Many people think of porcelain veneers as a very quick way to get a gorgeous smile.
That part is true.
But there are many misconceptions about veneers: you could be thinking that veneers will solve all your oral health problems, while they really can and should only be used for certain situations and circumstances.
Read below for more information.
Veneers can – and do! – create beautiful smiles. But they’re not without their issues.
One major misconception people have is that they can get veneers for all their teeth. It’s possible to place a veneer on every tooth, but it’s not wise or really economically feasible for most people because of the expense (veneers usually aren’t covered by insurance).
One veneer (a Lumineer, or “traditional” veneer) can cost anywhere between $800 to $2,000. Multiply that by 28 or 32 teeth (the number of teeth most adults tend to have) and you can see how expensive getting veneers on all teeth could be. Factors that raise the cost per tooth include the tooth’s location in the mouth as well as its condition.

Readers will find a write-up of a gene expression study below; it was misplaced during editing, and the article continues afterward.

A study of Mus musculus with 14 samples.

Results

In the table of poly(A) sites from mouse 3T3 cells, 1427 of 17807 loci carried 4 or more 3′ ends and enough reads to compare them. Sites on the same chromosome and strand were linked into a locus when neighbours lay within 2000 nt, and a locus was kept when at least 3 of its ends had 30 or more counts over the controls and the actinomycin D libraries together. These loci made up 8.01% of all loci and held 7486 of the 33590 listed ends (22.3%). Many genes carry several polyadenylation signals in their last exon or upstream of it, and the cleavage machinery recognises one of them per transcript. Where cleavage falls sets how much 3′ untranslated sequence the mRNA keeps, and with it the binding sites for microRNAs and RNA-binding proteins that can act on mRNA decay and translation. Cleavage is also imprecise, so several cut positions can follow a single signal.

If you’re looking for a dazzling smile, with beautifully white and straight teeth, many dentists recommend getting about six veneers on your top front teeth and then bleaching the remaining teeth. This usually creates a gorgeous smile.
Another misconception is that a veneer can replace a missing tooth. A veneer can’t do this because a veneer is placed on the front of a tooth, so a veneer won’t help you if a tooth is missing (you’d need a denture or implant to replace a missing tooth).
Not every tooth is a good candidate for a veneer. The tooth must be in good health and can’t be too weak from decay, large fillings and – while many veneers are used to beautify a chipped or broken tooth – the tooth can’t have too large a fracture. (You may need to get a crown if a tooth is considerably weak from decay.)
In addition, you should know that once your dentist starts the procedure (he will shave away a portion of the front of your tooth so that a veneer can be placed over it), the process can’t be reversed.
What’s, more, your tooth may become more sensitive to cold and hot foods and liquids because some of your tooth’s protective enamel will be removed in the shaving process.